MARCH 11, 1996 VOLUME 3, NUMBER 37
Although physician-assisted suicide has been much discussed in recent years, few legal developments have advanced the state of the law since Oregon voters approved an initiative measure in November, 1994. That changed dramatically this week, with two major developments. On Wednesday, a Federal Appeals Court ruled that Washington State’s ban on assisting with suicide is unconstitutional, at least as applied to “physician-aid-in-dying.” Then on Friday, a Michigan jury found Dr. Jack Kevorkian not guilty in his second criminal trial for allegedly assisting terminally ill patients to commit suicide.
Although the Kevorkian case is probably better-known, the Federal Court of Appeals decision is of far more significance, particularly in Arizona. The case, Compassion in Dying v. State of Washington, was decided by the Court of Appeals responsible for reviewing Arizona, California, Washington, Oregon, Nevada, Idaho and Montana laws. Since it is based on the U.S. Constitution, the case stands as precedent for all those states, at least until the U.S. Supreme Court rules otherwise.
The Compassion in Dying case began after Washington voters turned down an initiative measure on physician-assisted suicide. In spite of the election results, a group of Washington doctors formed Compassion in Dying, a non-profit group, to help terminally ill patients effectively and painlessly end their lives.
Compassion in Dying, its doctor members, and three terminally ill patients sued in Federal Court to invalidate Washington’s criminal statute on assisting suicide. The patients, all three of whom have since died, are described in the Court of Appeals decision by pseudonyms:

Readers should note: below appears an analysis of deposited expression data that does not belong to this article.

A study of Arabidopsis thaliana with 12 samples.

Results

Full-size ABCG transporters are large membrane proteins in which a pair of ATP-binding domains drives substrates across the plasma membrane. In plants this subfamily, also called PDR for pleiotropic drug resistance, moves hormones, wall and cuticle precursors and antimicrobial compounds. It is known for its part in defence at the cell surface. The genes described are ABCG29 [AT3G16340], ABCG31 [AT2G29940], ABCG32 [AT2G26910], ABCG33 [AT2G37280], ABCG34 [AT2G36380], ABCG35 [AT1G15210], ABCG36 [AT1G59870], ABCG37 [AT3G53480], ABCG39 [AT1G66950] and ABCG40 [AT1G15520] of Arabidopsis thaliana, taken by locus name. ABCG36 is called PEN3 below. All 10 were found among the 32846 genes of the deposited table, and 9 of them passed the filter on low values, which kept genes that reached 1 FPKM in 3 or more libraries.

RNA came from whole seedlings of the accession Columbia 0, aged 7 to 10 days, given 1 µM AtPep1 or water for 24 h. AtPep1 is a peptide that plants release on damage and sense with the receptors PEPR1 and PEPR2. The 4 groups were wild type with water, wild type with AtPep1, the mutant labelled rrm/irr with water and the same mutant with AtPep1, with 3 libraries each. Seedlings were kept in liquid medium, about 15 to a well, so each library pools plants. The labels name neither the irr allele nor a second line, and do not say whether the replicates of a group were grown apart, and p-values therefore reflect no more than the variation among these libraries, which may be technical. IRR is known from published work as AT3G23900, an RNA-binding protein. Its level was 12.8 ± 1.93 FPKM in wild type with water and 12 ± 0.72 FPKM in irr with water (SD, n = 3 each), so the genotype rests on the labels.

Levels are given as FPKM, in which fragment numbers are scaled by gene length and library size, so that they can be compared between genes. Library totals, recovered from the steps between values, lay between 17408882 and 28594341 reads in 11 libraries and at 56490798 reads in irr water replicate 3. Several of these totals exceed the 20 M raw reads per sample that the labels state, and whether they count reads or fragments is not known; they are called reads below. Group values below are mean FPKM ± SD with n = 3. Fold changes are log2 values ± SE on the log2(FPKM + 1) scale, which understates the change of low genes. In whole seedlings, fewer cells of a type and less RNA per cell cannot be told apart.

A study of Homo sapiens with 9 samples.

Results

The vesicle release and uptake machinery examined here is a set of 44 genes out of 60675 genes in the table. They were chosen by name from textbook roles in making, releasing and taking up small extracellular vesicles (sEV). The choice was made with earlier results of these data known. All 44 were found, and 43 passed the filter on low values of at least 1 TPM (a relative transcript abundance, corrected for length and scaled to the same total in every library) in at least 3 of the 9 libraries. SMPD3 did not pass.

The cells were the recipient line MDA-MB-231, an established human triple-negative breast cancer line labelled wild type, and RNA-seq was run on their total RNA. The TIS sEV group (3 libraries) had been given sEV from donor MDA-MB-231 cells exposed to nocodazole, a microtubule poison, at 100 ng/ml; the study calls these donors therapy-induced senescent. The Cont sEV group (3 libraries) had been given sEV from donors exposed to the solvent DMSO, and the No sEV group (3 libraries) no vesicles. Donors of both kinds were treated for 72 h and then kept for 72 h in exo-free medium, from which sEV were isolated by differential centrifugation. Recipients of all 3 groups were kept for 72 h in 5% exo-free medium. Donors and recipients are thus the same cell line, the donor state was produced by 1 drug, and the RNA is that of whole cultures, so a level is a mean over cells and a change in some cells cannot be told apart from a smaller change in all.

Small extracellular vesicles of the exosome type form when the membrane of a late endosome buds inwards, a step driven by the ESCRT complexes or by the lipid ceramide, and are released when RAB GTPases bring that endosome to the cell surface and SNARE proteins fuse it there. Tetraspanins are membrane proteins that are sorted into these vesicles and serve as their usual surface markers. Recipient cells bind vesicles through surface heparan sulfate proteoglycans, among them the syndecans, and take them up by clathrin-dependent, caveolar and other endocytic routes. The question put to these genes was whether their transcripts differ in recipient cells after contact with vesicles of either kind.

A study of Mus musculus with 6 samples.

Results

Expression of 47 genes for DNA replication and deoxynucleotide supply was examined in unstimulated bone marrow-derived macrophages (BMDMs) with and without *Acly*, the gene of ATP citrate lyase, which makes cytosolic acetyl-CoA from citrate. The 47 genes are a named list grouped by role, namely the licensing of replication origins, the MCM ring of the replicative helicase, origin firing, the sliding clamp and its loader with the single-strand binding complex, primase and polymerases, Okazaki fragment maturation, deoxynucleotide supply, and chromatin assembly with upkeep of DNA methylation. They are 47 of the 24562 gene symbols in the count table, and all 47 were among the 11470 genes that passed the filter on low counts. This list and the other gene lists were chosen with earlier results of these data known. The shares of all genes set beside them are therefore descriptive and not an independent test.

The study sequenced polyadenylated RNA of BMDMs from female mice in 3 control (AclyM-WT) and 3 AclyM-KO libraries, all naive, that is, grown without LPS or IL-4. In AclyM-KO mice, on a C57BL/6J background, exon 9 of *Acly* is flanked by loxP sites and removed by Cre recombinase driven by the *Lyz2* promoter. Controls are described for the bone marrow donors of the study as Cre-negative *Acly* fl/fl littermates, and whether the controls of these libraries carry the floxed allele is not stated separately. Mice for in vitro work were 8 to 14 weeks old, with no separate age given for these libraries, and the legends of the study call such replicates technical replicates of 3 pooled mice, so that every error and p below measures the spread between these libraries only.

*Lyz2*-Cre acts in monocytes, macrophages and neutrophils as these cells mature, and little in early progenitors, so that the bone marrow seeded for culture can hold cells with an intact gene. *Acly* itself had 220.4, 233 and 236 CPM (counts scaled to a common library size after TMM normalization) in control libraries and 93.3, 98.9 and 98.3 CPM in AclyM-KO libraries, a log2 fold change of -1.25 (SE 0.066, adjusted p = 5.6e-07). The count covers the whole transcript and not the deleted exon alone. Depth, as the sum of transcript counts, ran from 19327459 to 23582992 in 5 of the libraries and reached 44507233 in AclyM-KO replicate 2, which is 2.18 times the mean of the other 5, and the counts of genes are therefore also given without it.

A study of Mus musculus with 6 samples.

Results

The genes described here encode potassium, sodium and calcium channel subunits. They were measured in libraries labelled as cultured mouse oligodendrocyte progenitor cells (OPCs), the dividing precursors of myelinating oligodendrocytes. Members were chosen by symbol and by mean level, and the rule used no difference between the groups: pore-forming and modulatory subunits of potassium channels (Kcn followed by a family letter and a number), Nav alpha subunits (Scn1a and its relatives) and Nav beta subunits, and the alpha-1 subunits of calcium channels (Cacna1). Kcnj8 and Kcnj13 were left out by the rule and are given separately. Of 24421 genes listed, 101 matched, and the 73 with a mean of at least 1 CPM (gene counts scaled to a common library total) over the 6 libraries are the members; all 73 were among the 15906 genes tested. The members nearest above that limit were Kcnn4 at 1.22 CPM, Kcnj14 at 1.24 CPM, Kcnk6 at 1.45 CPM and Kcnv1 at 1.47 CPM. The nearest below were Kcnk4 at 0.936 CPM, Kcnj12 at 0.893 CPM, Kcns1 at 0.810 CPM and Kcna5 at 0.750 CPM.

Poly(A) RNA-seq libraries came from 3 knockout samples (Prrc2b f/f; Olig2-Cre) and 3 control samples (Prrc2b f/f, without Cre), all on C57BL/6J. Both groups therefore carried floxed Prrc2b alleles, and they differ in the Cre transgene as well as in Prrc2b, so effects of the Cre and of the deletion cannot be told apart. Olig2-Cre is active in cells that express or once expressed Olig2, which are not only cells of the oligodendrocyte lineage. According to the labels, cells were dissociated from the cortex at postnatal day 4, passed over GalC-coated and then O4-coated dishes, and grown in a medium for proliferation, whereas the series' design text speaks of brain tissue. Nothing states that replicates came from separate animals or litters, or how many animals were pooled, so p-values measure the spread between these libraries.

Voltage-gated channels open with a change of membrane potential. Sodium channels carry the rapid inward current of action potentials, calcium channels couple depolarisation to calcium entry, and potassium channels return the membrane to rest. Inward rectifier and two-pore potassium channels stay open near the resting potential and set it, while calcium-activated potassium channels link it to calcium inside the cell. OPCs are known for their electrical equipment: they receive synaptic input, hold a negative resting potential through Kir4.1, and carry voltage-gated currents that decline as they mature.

- Jane Roe, 69, a retired pediatrician. Ms. Roe had suffered from cancer for six years, and the disease had metastasized throughout her skeleton by the time the lawsuit was filed. She was in constant pain, and suffered from swollen legs, bedsores, nausea, vomiting, impaired vision and other effects of her illness.
- John Doe, 44, an artist suffering from AIDS. Mr. Doe had been diagnosed three years earlier, and had lost 70% of his vision, suffered from pneumonia, skin and sinus infections, seizures and extreme fatigue.
- James Poe, 69, a retired sales representative suffering from emphysema. Mr. Poe was connected to an oxygen tank at all times, constantly felt he was being suffocated and took morphine regularly to calm his panic reaction. Like the others, he was in the terminal phase of his illness.
The Court, in an eloquent and thoughtful decision, found that the U.S. Constitution permits a competent terminally ill patient to have aid from a physician in ending his or her life. Washington’s statute (which is nearly identical to Arizona’s) is therefore invalid as applied to physician-aid-in-dying.
In reaching its conclusion, the Court assayed the history of suicide in ancient times and modern opinion. According to the Court, ancient Greeks, Romans and Christians viewed suicide as acceptable, particularly where the victim was ill and in pain. And public opinion polls show a dramatic shift on the subject in recent years: while 37% of respondents favored permitting doctors to assist terminally ill patients to commit suicide in 1947, more than half were in favor in a 1973 poll. By 1983, 63% favored physician-aid-in-dying.
Although there is no guarantee that the U.S. Supreme Court will rule on the question, an appeal to that court is expected.